Many business owners are tempted to put off business succession planning, focusing on their business’ immediate needs more than issues that are thought to be far off. Business owners, however, shouldn’t delay creating succession plans. If you own a business, it’s probably wise to start creating a succession plan for your business sooner rather than later. Here’s why.
When's the Right Time to Talk with Someone About Business Succession Planning for My Business?
You Never Know When Something Might Happen
First and foremost, you never know when something that forces a change in your business’ ownership or management might happen. Business succession planning is sometimes viewed as an issue that only older business owners nearing retirement have to consider. Any business owner could suffer a life-altering accident, have a significant change in their family situation, or pass away, though. Creating a succession plan is an important way to prepare for unlikely, but possible, events like these.
You’ll Want Time to Consider Big Questions
Drafting a business succession plan involves answering big questions. For instance, you may need to decide which family member(s) to pass your business on to. Alternatively, you might have to figure out how to leave the venture you’ve invested so much in with a new owner you don’t know. Considerations like these require objectively assessing people’s (possibly including family members’) abilities and qualifications, and it forces you to prioritize your values.
Going through this is often highly emotional, and many people would prefer to avoid these questions. It’s usually better to start the succession planning process and not avoid it, tough. Beginning the process may be difficult initially, but it’ll provide you with more time to think about these issues and process the emotions that arise.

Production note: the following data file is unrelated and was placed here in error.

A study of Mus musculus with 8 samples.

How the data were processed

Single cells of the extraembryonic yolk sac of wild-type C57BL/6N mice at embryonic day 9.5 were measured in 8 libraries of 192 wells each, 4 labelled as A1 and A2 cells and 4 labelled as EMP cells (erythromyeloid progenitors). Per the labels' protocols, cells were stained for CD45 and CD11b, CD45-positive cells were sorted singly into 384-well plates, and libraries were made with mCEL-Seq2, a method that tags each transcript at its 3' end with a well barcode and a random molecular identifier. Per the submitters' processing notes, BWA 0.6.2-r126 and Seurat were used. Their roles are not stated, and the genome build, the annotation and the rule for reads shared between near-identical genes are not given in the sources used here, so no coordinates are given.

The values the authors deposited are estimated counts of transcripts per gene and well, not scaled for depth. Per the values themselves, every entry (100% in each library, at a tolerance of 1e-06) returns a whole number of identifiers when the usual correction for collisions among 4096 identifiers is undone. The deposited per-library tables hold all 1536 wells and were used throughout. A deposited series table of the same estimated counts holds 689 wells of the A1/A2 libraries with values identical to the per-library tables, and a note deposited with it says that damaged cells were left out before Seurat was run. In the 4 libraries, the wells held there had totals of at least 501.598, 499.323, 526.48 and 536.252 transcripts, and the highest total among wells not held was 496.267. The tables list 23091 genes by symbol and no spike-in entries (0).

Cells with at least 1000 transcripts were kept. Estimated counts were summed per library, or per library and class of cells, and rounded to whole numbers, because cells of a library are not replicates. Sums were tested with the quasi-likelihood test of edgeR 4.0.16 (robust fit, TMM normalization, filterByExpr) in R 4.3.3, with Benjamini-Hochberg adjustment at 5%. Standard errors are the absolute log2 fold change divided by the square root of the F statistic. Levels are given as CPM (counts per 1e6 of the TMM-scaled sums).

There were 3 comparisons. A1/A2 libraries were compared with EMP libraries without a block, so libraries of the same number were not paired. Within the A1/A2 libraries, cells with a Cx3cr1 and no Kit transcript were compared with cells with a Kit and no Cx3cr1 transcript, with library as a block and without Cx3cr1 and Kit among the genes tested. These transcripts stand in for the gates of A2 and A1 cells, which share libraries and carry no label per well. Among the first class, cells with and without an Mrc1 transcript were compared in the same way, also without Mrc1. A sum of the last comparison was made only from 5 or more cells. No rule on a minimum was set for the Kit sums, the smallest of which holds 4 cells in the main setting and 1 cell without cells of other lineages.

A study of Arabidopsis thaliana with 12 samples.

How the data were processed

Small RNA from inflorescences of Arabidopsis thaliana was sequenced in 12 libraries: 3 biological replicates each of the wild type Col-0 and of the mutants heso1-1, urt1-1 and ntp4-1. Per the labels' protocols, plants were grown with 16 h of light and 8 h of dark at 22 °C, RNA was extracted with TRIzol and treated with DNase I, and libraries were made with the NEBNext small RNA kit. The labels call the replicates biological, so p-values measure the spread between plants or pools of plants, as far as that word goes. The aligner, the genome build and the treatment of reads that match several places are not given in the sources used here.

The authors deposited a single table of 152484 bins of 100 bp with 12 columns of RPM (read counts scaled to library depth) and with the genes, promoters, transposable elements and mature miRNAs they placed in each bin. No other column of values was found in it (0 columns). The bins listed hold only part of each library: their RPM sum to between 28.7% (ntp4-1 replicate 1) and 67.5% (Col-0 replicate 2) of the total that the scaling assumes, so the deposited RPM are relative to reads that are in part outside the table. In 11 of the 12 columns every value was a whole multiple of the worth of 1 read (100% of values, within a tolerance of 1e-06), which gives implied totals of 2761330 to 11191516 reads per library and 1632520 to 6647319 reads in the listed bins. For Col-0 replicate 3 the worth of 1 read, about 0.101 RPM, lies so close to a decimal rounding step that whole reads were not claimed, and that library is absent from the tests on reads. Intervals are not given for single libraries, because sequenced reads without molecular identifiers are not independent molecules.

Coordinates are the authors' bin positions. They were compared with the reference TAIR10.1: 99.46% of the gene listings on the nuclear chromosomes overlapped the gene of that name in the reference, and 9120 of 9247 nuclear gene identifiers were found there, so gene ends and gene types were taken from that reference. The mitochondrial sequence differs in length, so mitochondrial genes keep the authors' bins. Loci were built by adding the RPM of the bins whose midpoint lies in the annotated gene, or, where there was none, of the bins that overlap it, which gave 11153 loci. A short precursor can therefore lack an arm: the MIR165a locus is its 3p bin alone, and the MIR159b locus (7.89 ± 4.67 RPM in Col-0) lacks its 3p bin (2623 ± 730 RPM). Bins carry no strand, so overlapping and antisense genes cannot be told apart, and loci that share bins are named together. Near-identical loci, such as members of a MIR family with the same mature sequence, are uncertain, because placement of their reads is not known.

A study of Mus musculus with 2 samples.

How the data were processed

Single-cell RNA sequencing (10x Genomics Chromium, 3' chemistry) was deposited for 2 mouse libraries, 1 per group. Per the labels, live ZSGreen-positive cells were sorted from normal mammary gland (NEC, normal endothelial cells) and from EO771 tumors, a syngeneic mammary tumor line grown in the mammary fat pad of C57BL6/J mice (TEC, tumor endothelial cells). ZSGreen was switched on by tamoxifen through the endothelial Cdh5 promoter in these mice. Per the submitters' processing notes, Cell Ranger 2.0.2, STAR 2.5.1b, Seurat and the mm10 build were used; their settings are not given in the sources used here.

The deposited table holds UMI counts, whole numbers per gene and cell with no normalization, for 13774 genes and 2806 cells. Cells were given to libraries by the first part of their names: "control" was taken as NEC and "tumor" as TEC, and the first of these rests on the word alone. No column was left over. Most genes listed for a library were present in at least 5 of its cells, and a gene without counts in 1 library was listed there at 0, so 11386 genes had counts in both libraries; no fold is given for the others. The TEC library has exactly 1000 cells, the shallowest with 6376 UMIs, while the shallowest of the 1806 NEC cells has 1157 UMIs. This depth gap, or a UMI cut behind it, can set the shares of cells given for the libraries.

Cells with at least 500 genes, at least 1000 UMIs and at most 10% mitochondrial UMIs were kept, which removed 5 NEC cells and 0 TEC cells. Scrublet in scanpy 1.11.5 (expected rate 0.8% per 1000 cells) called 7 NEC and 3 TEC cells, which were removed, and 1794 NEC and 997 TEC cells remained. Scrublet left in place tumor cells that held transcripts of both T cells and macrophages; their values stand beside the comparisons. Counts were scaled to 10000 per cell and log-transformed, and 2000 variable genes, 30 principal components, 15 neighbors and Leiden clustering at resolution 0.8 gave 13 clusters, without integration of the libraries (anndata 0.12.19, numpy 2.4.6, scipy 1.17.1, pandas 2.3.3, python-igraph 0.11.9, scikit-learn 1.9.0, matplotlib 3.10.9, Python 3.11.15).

Other People May Need to Be Involved
Succession planning frequently involves other people, whether they be family members, friends, fellow owners, investors, or competitors. The more people are involved, the more time creating a plan will take. Not only do documents need to be coordinated between people, but each person will have their own big questions to take into consideration.
Beginning to create a succession plan sooner rather than later will help ensure everyone has the time they need for the process. It’ll both give everyone involved an opportunity to work through their own big questions, and ensure they can consider those questions at a time when they aren’t pressed with other matters.
Business Succession Planning Can Be an Ongoing Conversation
Broaching the topic of succession planning doesn’t mean the discussion will draw to a close in a few weeks, months or even years. Instead, it can serve as the opening of an ongoing conversation. The people involved can return to the topic of succession planning as needed.
Learn About the Options Available for Your Business
Finally, the best way to learn about succession planning is to talk about it. Many business owners aren’t familiar with all of the options available or how to set up the type of succession plan they’d like. If you’d like to learn more about how your business can be passed on, asking questions is a great way to find out.
If you don’t know who to ask, seek the help of a business succession planning advisor who serves business. A professional who has helped other businesses in the state set up plans will be able to walk you through the process of creating a succession plan for your business. They'll be able to help you start asking the right questions – and finding the right answers.